Where's the 'Real Life Yoga' in Social Media?!

Ricardia Bramley
Where's the 'Real Life Yoga' in Social Media?!

Just this morning, a friend of mine put the following dilemma to me: her child has been taking part in a children’s yoga class, which also happened to teach small yogis with Down Syndrome.

Parents of non-Down Syndrome children felt their kids were being distracted by those kids with Down Syndrome because they were running around too much. Pressure from the annoyed parents became so intense that the parents of the child with Down Syndrome took their child out of the class.

My friend wasn’t sure how to handle this because, after all, wasn’t yoga all about acceptance?

Yoga in Social Media

When we look at yoga in social media, we quickly get the idea that yoga is for bendy, mostly white, slender, occasionally scantily clad, women in their twenties or thirties, don’t we? And they have every right to post those photos..I agree. But that’s not what this is about. Let’s face it, I too enjoy the beautiful poses and photos as much as the next yogini!

It’s just...where are the pictures of everybody else? Where are the XXL-sized women in bikinis? The men without mega biceps and chest muscles rivaling those of Marvel comic heroes, or the teachers who aren’t actually that flexible because that is not their sole focus.

What about the image of older people and yoga? Where are the yogis working with physical challenges (such as Down Syndrome) at all those yoga festivals around the world? I’ve been to a few, haven’t seen them around.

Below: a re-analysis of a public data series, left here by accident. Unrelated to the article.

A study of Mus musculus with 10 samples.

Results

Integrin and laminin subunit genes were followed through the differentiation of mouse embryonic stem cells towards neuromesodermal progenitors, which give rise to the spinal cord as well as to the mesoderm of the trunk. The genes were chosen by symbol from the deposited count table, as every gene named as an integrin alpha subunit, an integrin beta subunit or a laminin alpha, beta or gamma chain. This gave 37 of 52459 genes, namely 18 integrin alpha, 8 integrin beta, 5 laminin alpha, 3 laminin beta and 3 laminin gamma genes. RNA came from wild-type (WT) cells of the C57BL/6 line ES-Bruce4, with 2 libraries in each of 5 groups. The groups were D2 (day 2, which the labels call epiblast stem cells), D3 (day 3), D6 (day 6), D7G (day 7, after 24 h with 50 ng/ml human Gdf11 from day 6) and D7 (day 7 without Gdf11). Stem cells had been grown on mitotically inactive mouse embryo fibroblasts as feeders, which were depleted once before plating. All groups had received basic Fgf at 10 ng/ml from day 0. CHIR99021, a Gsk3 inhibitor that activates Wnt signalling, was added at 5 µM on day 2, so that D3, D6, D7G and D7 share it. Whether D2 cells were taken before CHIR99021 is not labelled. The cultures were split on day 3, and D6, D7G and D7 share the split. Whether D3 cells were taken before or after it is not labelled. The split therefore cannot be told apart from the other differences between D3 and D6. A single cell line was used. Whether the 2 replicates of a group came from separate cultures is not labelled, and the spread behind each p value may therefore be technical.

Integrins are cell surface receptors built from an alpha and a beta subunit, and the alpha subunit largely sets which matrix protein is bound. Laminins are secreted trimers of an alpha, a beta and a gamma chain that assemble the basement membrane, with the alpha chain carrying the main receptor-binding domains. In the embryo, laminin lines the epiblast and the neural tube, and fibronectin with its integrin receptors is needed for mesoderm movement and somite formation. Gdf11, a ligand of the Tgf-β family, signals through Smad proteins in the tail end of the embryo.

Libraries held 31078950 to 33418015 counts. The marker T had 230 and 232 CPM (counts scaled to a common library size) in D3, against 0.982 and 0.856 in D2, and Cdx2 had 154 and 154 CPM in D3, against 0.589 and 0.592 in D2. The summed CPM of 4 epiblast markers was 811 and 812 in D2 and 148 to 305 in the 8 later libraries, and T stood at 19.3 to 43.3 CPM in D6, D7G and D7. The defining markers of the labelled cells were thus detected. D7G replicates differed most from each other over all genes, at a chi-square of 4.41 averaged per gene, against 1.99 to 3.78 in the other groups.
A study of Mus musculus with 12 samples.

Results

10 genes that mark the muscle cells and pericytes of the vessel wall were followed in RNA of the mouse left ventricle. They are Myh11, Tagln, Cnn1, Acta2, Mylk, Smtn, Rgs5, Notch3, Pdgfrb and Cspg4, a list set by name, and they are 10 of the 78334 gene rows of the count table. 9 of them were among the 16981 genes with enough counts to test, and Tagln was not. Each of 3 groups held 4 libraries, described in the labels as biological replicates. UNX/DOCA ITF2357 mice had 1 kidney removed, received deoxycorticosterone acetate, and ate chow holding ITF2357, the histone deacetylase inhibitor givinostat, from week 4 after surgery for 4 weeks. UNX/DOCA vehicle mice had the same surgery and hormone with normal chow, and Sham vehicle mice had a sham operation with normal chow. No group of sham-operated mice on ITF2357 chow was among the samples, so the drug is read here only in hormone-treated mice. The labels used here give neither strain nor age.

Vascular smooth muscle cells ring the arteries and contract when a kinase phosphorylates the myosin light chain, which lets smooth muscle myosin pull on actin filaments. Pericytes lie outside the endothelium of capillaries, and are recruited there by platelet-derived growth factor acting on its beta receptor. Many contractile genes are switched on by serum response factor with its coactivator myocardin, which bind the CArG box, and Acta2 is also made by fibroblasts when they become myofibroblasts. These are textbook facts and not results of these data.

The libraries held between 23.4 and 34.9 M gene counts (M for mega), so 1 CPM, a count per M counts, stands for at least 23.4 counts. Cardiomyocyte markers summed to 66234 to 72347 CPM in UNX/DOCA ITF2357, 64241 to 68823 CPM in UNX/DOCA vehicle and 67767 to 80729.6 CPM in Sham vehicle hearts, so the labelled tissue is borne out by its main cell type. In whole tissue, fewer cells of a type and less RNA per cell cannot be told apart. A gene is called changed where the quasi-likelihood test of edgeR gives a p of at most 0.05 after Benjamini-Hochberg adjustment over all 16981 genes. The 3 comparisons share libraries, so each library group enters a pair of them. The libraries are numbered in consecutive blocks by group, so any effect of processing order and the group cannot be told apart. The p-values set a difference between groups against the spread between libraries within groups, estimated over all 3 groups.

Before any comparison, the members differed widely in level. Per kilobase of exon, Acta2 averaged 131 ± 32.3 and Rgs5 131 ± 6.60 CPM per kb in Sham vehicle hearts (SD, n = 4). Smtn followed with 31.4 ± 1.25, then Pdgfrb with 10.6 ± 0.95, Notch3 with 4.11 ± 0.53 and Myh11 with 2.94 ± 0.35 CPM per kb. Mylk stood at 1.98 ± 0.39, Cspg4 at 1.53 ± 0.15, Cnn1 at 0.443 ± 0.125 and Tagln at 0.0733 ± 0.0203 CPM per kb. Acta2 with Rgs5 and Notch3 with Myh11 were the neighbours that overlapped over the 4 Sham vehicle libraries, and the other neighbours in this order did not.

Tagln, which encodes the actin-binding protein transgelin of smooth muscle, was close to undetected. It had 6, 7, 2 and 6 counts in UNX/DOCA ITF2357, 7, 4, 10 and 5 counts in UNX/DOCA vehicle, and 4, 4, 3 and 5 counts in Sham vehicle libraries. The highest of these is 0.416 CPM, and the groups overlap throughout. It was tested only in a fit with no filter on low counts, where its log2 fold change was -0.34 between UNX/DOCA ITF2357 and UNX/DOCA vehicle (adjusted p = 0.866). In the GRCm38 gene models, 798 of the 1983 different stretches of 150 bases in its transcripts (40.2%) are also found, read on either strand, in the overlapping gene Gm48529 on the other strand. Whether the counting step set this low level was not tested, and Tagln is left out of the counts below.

Isn’t that just the slightest bit strange in a sphere where inclusion and acceptance are supposed to be key?

The Myth of the "Perfect Yogini"

Again and again we are served up the perfect yogini who looks like a model and is seemingly brimming with natural health. Ironically, those of us most in need of yoga, especially the therapeutic aspect of it, are nowhere near a yoga class.

Even special yoga classes catering to these masses of potential yogis are hard to find. Whether everybody’s needs can be met in an inclusive class or a separate one, I’m not qualified to decide. However, if we never see Instagram pictures depicting senior citizens, yogis with regular/larger dress sizes, people living with disability, most of us might feel yoga is only for those other people!

If there is never any suggestion that literally every body outside the narrow yoga world pictured on our Facebook feed can benefit from yoga, how will we ever come to practice it?

So here’s to also posting some of the not-so-perfect yoga moments, those without make-up or killer triceps muscles but with larger-than-life, everday yogis. And to answer my friend’s question: Yoga means accepting bodies of all shapes and sizes.

Dare I say it — let’s start with our own.